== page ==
Many business leaders and experts say that performance reviews are just not that effective. It’s true that there are many ways employers can tank one of these reviews and make it less helpful for workers. Some employees feel unfairly targeted or find it hard to listen at all.
The reality is that performance reviews have evolved into a fairly standard procedure that often fails to motivate employees, and even triggers more complaints than compliments.
However, I don’t think the performance review is a useless tool whose time has come and gone — at least not completely. Reviews can be helpful for both the employer and the employee, as well as the company itself. All you need is a few strategic tweaks to the process.
1. Make reviews more frequent than once a year.
By their very nature, annual reviews cover a lot of ground. A lot of tasks, projects and accomplishments get missed. The same is true of challenges and areas in need of improvement.
Moreover, focusing on employee assessment and motivation only once a year leads to a perception that the appraisal process is more a formality than a truly important business strategy.
Instead, use a shorter quarterly review to help both you and the employee keep accurate track of their progress towards company and personal goals throughout the year.
Related: 4 Unconscious Biases That Distort Performance Reviews
2. Always be preparing for performance reviews.
As beneficial as more frequent employee appraisals may be, they’re not always realistic for every company. For example, you may have a large workforce that would render four appraisals a year unworkable, no matter how short you make the appraisal meetings.
If that’s the case, you can still work with the employee to set specific work-related goals at an annual performance review. Just don’t wait until the last minute to make notes for that review.
Throughout the year, touch base with the employee when you can, and talk to their coworkers and direct supervisors. Then you can regularly update a word file or spreadsheet outlining the employee’s progress towards agreed-upon goals.
3. Don’t perform a solo.
While the traditional performance review is generally a solo act, where a manager shares their own opinions, a better approach is to crowdsource your reviews.
Include customers, colleagues and other stakeholders with whom the employee regularly interacts as valuable sources of information in preparing a performance appraisal. This will not only help you form a more complete picture of the worker’s strengths and weaknesses, but will also help you identify new areas for potential additional training or advancement.
Maybe the customer service representative has a talent for sales, or perhaps the marketing team member is ready for a management role. A solid way to find out this kind of information is to ask all the people who regularly interact with that employee.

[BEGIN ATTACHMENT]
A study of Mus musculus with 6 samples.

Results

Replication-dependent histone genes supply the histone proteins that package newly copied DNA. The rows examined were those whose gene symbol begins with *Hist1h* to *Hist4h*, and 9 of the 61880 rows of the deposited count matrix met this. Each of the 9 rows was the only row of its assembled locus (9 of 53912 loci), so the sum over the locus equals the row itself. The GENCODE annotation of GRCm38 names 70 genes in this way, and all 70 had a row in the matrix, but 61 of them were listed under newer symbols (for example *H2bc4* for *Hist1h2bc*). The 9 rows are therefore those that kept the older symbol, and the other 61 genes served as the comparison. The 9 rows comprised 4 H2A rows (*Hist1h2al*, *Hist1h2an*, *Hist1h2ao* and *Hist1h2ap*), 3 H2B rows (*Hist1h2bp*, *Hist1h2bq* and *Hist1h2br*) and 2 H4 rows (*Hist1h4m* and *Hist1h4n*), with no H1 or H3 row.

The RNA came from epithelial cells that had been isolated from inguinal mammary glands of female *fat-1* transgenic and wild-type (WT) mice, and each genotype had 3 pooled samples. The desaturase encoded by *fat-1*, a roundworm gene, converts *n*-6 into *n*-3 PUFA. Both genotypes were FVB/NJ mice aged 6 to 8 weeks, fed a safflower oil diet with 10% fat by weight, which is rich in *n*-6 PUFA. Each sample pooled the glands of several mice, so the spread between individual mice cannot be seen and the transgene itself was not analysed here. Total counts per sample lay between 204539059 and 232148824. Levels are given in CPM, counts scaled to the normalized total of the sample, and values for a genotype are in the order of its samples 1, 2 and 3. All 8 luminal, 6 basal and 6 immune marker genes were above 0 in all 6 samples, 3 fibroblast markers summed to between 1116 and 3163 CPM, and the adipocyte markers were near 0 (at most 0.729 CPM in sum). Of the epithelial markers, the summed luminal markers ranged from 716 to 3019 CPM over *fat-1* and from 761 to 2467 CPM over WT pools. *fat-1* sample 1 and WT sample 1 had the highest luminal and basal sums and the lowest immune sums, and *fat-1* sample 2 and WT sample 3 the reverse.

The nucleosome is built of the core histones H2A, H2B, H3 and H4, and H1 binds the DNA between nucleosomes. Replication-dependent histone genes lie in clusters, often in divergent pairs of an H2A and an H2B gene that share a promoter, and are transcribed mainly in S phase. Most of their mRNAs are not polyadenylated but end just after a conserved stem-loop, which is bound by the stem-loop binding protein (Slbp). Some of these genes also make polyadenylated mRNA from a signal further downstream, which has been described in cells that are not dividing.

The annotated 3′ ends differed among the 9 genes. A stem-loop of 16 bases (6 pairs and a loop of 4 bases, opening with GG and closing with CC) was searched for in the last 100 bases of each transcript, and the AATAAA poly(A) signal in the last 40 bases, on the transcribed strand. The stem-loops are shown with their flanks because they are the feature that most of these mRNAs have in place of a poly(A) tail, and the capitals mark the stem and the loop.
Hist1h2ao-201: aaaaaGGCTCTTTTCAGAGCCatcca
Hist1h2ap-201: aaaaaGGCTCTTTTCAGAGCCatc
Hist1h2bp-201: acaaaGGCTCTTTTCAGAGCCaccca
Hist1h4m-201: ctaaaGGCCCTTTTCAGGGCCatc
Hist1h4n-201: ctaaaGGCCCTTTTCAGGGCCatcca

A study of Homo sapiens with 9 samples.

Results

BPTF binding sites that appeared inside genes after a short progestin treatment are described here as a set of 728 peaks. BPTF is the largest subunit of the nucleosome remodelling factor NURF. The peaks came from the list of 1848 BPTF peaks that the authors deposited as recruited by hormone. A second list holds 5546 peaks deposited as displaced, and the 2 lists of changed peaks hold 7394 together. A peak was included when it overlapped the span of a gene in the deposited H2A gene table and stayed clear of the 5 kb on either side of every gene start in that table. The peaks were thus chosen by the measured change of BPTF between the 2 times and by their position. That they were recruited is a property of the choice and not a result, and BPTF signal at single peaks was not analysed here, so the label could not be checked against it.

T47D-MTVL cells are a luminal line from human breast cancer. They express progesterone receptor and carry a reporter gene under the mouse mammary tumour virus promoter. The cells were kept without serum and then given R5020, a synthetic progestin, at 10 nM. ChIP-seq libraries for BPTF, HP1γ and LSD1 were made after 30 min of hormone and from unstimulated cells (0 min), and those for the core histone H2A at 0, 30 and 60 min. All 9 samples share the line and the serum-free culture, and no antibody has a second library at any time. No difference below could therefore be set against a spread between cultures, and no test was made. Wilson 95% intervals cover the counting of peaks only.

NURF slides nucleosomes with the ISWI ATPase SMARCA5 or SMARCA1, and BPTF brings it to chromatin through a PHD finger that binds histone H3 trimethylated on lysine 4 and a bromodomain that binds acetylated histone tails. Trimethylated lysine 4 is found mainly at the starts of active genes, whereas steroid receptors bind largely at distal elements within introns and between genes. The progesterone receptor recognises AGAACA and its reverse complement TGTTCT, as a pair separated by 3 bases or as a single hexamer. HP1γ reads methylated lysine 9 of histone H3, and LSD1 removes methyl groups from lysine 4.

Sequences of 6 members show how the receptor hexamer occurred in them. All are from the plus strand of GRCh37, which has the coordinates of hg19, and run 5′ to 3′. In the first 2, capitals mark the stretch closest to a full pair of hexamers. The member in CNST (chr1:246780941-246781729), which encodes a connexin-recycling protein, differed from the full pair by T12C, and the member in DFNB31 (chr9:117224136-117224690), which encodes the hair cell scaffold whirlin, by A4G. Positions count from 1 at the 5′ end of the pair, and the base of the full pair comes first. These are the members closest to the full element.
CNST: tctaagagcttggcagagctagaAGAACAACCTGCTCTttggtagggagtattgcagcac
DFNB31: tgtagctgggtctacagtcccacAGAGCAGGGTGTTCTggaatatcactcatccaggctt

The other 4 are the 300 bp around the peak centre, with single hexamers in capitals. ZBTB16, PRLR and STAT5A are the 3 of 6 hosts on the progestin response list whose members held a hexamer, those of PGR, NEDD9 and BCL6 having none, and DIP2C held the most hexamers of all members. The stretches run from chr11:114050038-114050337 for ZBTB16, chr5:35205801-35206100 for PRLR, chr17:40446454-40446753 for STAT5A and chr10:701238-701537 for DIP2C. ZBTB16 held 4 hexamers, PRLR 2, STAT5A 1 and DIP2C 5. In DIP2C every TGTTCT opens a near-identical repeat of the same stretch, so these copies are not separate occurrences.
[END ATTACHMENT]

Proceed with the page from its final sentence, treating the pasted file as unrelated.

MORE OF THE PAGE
Of course, you’ll want to apply this policy evenly to all employees, at all levels. And you’ll also want to insist that any feedback or commentary you collect from others should be productive and positively framed, and also stay confidential. It’s not typically another employee’s job to critique a coworker, after all.
4. Make it mutual.
The most productive performance reviews are dialogues, not monologues. Use the opportunity presented by the performance appraisal process for an authentic, in-depth conversation with your employee.
Solicit the employee’s input, and really listen. Take notes, listen thoughtfully, ask clarifying questions and then try to implement any good ideas your employees might share this way, giving the employee credit.
5. Acknowledge and praise.
It’s all too easy to focus on the “correct and motivate” part of the employee performance appraisal, and forget about an equally important aspect of the process: recognition and praise. Don’t simply criticize and correct. Remember that an appraisal requires assessing the entire “big picture” of the employee’s performance. That means the positive as well as the negative.
Acknowledgment encourages deeper employee engagement and commitment to both your company and its mission.
A dedication to helping employees grow and reach career goals must be baked into company culture, especially for startups. Part of that culture revolves around ensuring your employees, as well as your product, stay one step ahead of the competition. The employee appraisal should be geared towards helping improve their work performance so it helps your bottom line.
The ultimate goal of the entire process is to ensure that your company finds a product market fit (and profit), so that it’s attractive to investors at some point down the road, be it through an initial public offering, an acquisition or some other investment vehicle. Improving your employee appraisal process so that they’re actually helpful to your employees as well as your company is an essential step in reaching those company goals.